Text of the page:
Postoperative pain or pain that one would experience after surgery is very common and natural. There can be many stages to the healing process and whilst some of these can be scary, it is important to know that these are stages of natural healing and that it takes time. Here are some great tips to help you relieve any pain that you might be feeling after surgery.
Know the stages of healing
Your knee specialist will make sure that you are aware of the stages of healing and the time that it would roughly take, given that you follow all instructions correctly, before you are discharged from the hospital. There will be some amount of generalized pain that will present on and off for even several weeks, depending upon the extent of the procedure. Your swelling will be present for about 2 or 3 weeks but in some cases it can be present even for 3 or 6 months. The bruising that you see will remain present for at least 1 or 2 weeks after surgery.
What happens after surgery?
As soon as you finish your procedure, it is likely that your orthopedic surgeon will use Novocain in the joint to relieve pain. After this painkillers will can be administered orally or intravenously will be given to you. Most of the time, these are high power opioids or opiates which will be gradually reduced in dosage.
Swelling is a very normal part of healing and is your body’s natural coping and defense mechanism. You can adhere to the exercises that have been given to you in order to minimize the swelling and reduce the duration of recovery time. Keeping your leg elevated for at least a couple of hours in the afternoon daily will help you manage the swelling better. You also will need to purchase an ice pack. They will come in handy when you need to reduce the inflammation and swelling around the site of surgery. It is a good idea to use these ice packs at least 4 times daily for about 20 minutes each time.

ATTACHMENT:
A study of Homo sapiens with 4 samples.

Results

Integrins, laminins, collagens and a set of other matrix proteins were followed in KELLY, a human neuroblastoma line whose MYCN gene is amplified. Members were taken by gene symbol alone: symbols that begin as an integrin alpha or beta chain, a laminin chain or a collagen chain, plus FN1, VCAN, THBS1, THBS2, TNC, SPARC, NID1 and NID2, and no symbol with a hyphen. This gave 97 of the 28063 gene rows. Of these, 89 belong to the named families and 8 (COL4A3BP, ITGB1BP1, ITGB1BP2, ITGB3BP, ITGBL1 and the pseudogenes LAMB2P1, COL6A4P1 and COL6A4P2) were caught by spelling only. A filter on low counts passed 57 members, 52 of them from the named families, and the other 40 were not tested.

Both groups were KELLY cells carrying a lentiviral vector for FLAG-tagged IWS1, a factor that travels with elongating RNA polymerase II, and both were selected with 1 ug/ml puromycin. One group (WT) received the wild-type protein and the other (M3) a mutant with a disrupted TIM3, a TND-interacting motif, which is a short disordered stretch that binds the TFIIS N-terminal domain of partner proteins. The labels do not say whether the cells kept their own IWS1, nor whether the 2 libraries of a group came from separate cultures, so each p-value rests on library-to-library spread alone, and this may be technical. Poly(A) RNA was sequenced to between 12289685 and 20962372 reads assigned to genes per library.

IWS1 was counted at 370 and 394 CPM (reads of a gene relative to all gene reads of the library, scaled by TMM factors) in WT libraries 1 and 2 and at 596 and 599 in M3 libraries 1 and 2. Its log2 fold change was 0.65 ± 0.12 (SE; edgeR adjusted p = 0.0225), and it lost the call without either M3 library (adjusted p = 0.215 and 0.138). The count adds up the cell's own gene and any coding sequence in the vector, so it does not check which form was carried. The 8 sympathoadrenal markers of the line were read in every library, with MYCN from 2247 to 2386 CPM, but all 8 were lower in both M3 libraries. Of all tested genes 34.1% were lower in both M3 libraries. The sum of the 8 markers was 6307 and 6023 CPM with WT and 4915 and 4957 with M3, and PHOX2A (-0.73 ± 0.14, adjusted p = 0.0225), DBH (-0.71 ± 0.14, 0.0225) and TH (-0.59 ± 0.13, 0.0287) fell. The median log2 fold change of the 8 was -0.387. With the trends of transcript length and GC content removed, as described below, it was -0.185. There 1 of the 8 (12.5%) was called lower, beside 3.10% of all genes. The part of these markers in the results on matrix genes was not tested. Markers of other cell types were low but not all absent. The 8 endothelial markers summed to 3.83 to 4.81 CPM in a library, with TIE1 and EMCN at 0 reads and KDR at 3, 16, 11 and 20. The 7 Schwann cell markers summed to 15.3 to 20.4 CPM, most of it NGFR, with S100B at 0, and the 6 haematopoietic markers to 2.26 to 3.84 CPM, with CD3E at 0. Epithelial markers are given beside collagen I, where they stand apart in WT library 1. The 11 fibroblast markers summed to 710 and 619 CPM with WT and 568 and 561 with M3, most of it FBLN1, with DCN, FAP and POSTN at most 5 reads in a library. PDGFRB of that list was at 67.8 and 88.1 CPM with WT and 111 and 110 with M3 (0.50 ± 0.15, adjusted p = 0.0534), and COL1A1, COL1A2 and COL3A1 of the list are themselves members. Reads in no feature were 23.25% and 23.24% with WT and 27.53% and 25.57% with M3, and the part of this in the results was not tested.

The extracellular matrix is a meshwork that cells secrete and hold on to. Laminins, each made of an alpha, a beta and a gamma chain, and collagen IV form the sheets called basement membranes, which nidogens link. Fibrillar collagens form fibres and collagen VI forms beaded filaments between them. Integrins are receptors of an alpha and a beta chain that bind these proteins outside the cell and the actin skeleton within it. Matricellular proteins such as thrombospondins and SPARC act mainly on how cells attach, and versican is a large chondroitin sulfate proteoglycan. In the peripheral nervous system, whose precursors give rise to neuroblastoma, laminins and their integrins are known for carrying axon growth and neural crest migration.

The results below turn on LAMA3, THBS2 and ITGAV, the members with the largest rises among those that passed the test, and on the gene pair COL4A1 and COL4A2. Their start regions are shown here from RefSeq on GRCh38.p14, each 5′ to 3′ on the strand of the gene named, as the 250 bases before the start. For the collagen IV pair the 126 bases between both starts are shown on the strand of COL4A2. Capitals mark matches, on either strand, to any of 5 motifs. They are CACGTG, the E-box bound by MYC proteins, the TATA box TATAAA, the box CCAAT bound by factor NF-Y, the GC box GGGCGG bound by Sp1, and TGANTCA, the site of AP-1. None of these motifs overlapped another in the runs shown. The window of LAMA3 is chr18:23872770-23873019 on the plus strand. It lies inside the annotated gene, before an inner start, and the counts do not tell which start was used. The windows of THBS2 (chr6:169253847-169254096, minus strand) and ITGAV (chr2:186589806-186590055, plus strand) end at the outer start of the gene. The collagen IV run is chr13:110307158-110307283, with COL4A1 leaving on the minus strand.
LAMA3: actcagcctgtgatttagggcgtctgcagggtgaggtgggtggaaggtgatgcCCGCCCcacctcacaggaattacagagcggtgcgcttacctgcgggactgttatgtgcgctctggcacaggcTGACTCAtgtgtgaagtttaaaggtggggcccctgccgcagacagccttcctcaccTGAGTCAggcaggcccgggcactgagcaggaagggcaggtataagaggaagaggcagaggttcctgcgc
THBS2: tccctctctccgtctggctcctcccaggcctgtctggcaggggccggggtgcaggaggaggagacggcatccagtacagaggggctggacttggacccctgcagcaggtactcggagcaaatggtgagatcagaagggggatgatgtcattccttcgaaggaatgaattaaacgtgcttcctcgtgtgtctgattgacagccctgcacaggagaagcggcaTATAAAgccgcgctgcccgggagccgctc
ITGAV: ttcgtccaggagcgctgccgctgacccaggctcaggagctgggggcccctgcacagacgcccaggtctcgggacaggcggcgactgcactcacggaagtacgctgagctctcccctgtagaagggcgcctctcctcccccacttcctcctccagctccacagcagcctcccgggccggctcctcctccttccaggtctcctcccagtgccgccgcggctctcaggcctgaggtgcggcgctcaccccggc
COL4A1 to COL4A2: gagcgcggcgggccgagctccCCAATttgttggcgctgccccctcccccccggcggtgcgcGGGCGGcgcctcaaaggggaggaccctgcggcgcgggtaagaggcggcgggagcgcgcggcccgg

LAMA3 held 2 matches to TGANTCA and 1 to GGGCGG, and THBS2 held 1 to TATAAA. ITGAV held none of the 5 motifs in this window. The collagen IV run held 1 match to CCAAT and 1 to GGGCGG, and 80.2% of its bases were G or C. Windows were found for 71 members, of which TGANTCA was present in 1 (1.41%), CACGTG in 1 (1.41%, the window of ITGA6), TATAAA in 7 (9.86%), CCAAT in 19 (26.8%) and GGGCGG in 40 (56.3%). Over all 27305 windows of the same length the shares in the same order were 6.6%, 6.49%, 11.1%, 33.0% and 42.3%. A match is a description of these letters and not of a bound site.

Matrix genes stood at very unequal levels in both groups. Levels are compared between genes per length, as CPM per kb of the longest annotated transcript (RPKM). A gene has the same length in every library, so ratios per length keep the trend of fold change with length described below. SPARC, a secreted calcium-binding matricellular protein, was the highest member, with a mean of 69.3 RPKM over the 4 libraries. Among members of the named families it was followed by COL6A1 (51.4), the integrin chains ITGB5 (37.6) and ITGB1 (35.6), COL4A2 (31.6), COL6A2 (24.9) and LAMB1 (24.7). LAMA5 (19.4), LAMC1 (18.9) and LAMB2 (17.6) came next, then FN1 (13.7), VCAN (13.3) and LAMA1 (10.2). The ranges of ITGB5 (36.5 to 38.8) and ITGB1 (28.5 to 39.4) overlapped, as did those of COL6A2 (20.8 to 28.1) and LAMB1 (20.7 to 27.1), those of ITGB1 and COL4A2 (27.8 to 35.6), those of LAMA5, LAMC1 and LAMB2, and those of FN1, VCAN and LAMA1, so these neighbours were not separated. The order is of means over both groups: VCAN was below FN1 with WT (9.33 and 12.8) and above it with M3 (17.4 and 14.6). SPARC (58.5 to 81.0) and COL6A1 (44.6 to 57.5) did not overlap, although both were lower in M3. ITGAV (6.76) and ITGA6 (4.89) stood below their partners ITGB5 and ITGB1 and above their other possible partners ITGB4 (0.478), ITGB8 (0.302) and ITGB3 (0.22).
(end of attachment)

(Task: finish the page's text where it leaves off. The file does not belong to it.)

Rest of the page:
This is another natural part of the body healing itself and will look like a deep purple mark around the site of surgery. This discolouration will gradually reduce and is quite normal because of the trauma that the joint has been through during the correction process. Elevating your leg can help with this and so can icing.
Treatments at home
You will be asked to wear compression stockings while your mobility is restricted, especially in the hospital and the several weeks immediately after. Even though it might be uncomfortable the stocking reduce chances of blood clots which is very important. Various pain relieving creams and even patches can help alleviate the pain and help you be more comfortable. Make sure you complete your rehabilitation and physiotherapy and you will back to normal in no time.